UK government consults on AI White Paper

March 29, 2023

After a stream of technology-related announcements in recent weeks, the UK government has now published its White Paper on AI regulation. The UK Science and Technology Framework sets out government’s strategic vision and identifies AI as one of five critical technologies.

The proposals set out have been informed by the feedback received as part of its call for views on its 2022 policy paper. Its plan was to be much more hands-off than the strict EU AI Regulation with a single regulator, and follow the OECD six principles.

The government has made an initial assessment of AI-specific risks and their potential to cause harm, such as safety, security, fairness, privacy and agency, human rights, societal well-being and prosperity.

The government says that it will “avoid heavy-handed legislation which could stifle innovation and take an adaptable approach to regulating AI”. Instead of giving responsibility for AI governance to a new single regulator, existing regulators, such as the HSE, EHRC and CMA, will be tasked with coming up with tailored, context-specific approaches that suit the way AI is being used in their sectors. It will create an AI framework around four key elements:

  • Defining AI based on its unique characteristics to support regulator coordination.
  • Adopting a context-specific approach.
  • Providing a set of cross-sectoral principles to guide regulator responses to AI risks and opportunities.
  • Delivering new central functions to support regulators to deliver the AI regulatory framework, maximising the benefits of an iterative approach and ensuring that the framework is coherent.

The White Paper outlines the five principles that the regulators should consider to best facilitate the safe and innovative use of AI in the industries they monitor. The principles are:

  • safety, security and robustness: applications of AI should function in a secure, safe and robust way where risks are carefully managed;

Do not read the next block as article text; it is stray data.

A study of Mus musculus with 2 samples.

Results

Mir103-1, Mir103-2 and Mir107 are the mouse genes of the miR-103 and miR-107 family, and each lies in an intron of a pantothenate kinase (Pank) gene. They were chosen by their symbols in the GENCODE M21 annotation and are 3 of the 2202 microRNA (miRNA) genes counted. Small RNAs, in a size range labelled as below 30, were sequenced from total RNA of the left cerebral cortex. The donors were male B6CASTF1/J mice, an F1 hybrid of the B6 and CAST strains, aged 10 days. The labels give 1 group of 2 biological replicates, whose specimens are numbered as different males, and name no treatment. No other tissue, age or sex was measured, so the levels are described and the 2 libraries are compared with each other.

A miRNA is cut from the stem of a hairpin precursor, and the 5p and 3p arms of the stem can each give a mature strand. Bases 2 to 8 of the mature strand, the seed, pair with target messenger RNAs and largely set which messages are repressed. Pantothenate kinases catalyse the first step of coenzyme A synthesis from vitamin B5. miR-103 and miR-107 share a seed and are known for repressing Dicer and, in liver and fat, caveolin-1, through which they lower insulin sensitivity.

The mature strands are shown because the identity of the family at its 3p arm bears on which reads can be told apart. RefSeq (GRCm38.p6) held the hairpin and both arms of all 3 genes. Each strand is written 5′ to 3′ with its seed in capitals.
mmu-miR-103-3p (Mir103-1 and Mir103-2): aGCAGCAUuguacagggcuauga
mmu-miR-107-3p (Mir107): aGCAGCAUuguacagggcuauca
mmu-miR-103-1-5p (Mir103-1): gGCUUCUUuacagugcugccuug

• transparency and explainability: organisations developing and deploying AI should be able to communicate when and how it is used and explain a system’s decision-making process in an appropriate level of detail that matches the risks posed by the use of AI;
  • fairness: AI should be used in a way which complies with the UK’s existing laws, for example the Equality Act 2010 or UK GDPR, and must not discriminate against individuals or create unfair commercial outcomes;
  • accountability and governance: measures are needed to ensure there is appropriate oversight of the way AI is being used and clear accountability for the outcomes; and
  • contestability and redress: people need to have clear routes to dispute harmful outcomes or decisions generated by AI.

Over the next 12 months, regulators will issue practical guidance to organisations, as well as other tools and resources like risk assessment templates, to set out how to implement these principles in their sectors. When parliamentary time allows, legislation could be introduced to ensure regulators consider the principles consistently.

£2 million will fund a new sandbox, a trial environment where businesses can test how regulation could be applied to AI products and services, to support innovators bringing new ideas to market without being blocked by rulebook barriers.

The consultation ends on 21 June 2023. The government’s announcement comes against the backdrop of the House of Common’s Science and Technology Select Committee inquiry on governance of AI in the UK, which has yet to report. It remains to be seen whether a more flexible approach is workable in the UK when organisations working cross-border will have to work with the EU’s strict approach.